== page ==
Breonna Taylor protest Photograph:( Reuters )
A state of emergency and a 9:00 pm curfew has been declared by the mayor of the city
People are protesting and demanding justice for the Breonna Taylor who was shot by police officers in her own home on March 13.
Taylor's home was raided for narcotics on March 13, and she was shot multiple times in her own bed. People have been demanding justice for her death and urging the court to charge the three police officers for murder or manslaughter.
However, the court, on Wednesday, charged Brett Hankison — one out of three policeman — with "wanton endangerment" for firing into a neighbour's apartment in Louisville.
As per the Kentucky law, someone charged under this can have five years of jail time with each count — Hankison was charged with three counts.
People took to streets to protest against this judgement. Protestors marched to Jefferson Square Park — where a memorial for the 26-year-old has been placed — and chanted "Say her name -- Breonna Taylor. No lives matter till black lives matter."
During these protests in Louisville, two policemen have been shot.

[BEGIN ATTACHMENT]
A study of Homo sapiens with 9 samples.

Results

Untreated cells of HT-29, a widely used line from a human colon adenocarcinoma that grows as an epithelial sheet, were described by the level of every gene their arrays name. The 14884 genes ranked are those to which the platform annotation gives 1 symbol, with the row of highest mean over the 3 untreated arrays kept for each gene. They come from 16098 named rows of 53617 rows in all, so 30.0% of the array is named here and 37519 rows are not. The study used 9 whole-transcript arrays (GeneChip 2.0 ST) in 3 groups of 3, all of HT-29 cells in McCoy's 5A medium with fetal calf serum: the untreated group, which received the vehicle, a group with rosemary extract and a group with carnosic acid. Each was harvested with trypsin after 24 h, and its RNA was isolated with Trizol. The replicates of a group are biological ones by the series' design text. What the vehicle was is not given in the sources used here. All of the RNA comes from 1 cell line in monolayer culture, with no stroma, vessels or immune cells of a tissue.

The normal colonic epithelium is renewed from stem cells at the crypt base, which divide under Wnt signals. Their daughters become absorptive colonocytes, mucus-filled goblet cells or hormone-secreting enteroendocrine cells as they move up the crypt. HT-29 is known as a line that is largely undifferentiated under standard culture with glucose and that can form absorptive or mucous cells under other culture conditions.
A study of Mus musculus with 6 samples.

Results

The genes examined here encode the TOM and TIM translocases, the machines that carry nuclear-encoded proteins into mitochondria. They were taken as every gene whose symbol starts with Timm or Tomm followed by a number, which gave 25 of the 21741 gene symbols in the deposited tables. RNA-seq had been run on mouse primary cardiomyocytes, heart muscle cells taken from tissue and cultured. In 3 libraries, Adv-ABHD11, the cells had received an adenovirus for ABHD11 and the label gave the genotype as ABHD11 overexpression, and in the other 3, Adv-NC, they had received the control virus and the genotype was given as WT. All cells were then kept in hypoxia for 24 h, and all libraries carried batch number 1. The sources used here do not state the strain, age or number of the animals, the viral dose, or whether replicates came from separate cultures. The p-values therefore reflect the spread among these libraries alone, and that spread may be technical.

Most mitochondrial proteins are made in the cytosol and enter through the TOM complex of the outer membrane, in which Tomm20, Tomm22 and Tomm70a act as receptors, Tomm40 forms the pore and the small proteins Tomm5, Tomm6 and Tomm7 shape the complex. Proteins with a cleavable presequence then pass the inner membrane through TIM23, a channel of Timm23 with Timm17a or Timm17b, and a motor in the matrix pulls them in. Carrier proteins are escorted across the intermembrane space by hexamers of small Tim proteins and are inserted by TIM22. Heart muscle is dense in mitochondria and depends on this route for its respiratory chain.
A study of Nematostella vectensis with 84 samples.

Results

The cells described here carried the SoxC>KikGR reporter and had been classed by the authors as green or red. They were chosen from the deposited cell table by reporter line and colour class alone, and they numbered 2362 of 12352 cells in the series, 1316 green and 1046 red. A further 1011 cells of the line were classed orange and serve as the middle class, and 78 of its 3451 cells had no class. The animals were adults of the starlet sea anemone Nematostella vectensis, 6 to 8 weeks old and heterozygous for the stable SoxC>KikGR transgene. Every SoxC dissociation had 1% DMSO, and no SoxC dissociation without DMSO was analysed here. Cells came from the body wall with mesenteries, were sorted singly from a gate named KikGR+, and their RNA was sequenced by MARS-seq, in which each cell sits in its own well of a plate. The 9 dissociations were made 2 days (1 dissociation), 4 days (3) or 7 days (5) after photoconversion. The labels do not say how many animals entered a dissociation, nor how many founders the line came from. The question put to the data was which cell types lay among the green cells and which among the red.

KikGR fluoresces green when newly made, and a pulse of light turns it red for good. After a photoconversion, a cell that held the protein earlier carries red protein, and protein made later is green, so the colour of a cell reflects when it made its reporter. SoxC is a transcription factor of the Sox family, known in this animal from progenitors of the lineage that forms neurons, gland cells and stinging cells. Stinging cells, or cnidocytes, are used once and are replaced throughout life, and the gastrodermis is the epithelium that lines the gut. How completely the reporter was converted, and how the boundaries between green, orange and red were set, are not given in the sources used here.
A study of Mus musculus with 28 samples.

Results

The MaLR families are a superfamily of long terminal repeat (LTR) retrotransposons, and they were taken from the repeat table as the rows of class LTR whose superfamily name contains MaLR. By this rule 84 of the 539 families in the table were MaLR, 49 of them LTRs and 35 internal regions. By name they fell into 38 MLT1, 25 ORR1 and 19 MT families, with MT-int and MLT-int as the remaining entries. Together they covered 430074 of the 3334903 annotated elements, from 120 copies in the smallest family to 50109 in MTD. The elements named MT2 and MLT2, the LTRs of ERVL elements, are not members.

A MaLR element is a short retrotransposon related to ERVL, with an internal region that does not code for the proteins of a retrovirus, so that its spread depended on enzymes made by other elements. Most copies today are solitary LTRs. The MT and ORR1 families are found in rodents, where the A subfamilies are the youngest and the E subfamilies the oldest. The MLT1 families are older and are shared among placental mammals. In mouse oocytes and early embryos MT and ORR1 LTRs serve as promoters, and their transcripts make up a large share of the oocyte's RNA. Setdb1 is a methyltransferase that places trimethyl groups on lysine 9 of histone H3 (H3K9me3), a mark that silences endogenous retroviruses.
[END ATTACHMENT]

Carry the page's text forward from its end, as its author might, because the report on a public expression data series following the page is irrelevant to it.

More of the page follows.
As of now, names of the two police officers have not been revealed. The injuries were "not life-threatening" and both the officers are undergoing treatment, as reported by the Louisville interim police chief Robert Schroeder. As of now, the police has "one suspect in custody", but no further details have been released yet.
A state of emergency and a 9:00 pm curfew has been declared by the mayor of the city, which has a population of 600,000.
Taylor's lawyer, Attorney General Daniel Cameron, issued a statement on behalf of the family saying, "This is outrageous and offensive to Breonna Taylor's memory," he said in a statement. "It's yet another example of no accountability for the genocide of persons of color by white police officers.
"If Hankison's behavior constituted wanton endangerment of the people in the apartments next to hers, then it should also be considered wanton endangerment of Breonna," Crump said.
"In fact, it should have been ruled wanton murder."